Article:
Looking at our solar system, the divide seems obvious: On one side there are terrestrial planets like Earth and Mars. Then, on the other side, there are the gas giants like Jupiter and Saturn.

A divide seemingly kept the material responsible for these types of planets from mixing together in the early days of the solar system, preventing outer material from mingling with the inner. But what preserved this composition?

According to a study published Monday in the journal Nature Astronomy, a disk around the sun helped establish bands of specific material. These bands alternated high and low pressure gas and dust. They may have also been responsible for concentrated areas of specific building blocks that created gas giants and terrestrial planets, respectively.

“The most likely explanation for that compositional difference is that it emerged from an intrinsic structure of this disk of gas and dust,” said Stephen Mojzsis, study co-author and geological sciences professor at the University of Colorado at Boulder. “The Great Divide [in North America] causes water to drain one way or another. It’s similar to how this pressure bump would have divided material in the solar system.”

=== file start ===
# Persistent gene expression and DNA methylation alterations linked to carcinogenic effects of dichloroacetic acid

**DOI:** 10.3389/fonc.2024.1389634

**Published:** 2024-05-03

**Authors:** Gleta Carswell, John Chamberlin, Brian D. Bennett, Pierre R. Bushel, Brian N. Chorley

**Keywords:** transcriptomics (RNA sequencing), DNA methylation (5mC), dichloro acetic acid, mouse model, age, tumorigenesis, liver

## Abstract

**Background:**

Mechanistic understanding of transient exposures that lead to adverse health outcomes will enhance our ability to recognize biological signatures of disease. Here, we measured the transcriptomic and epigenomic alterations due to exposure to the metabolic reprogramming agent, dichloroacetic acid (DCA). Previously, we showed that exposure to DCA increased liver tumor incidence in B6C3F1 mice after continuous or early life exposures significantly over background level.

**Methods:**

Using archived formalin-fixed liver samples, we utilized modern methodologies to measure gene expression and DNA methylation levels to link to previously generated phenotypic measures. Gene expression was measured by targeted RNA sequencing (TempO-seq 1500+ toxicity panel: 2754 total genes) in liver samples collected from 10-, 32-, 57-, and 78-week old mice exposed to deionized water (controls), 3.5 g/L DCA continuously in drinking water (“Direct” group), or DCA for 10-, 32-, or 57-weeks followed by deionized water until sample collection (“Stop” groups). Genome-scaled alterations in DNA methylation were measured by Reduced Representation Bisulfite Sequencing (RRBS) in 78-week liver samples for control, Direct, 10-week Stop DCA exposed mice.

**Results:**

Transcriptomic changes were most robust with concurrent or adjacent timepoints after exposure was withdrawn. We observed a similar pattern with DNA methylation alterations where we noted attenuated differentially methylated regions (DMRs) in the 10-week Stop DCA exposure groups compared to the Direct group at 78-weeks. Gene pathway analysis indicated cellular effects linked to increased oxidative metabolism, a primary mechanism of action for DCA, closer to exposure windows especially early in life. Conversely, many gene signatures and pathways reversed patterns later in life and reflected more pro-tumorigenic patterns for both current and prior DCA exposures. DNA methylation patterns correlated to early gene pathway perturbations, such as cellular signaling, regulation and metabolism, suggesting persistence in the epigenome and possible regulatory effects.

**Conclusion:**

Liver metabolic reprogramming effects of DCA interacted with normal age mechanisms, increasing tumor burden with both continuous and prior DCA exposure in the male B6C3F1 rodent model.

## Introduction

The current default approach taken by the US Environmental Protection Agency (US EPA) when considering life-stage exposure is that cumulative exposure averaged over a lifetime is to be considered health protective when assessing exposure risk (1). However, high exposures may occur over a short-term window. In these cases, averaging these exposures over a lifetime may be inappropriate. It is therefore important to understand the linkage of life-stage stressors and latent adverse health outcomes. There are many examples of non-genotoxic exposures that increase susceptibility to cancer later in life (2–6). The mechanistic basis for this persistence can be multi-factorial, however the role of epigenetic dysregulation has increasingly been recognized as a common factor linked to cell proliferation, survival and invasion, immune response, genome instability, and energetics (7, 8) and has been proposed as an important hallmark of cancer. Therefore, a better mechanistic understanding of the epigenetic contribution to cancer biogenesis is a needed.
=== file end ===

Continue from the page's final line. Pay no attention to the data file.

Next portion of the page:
But the divide itself probably wasn’t a solid gatekeeper for materials, which means that there was likely some mixing. And that small mixing could be why life exists on Earth.

“Those materials that might go to the Earth would be those volatile, carbon-rich materials,” Mojzsis said. “And that gives you water. It gives you organics.”

Strange 'rogue planet' travels through space alone

So what does our solar system’s divide look like today? Empty space, the researchers said. The region is near Jupiter and beyond the asteroid belt, and it’s largely a void.

But looking at planets, it’s more obvious. On one side of the divide, planets and asteroids are low in organic materials. On the other, distant side — past Jupiter and heading towards the outer solar system — they are carbon-rich.

Previously, scientists believed Jupiter itself was responsible for the divide. But even the largest planet in our solar system couldn’t block rocky material from moving towards the sun.

Ultimately, scientists realized that our sun was once likely surrounded by a disk, much in the same way as other young star systems that have been observed. The distant systems resembled a tiger’s eye, based on infrared observations by the Atacama Large Millimeter/submillimeter Array of telescopes in Chile, the researchers said.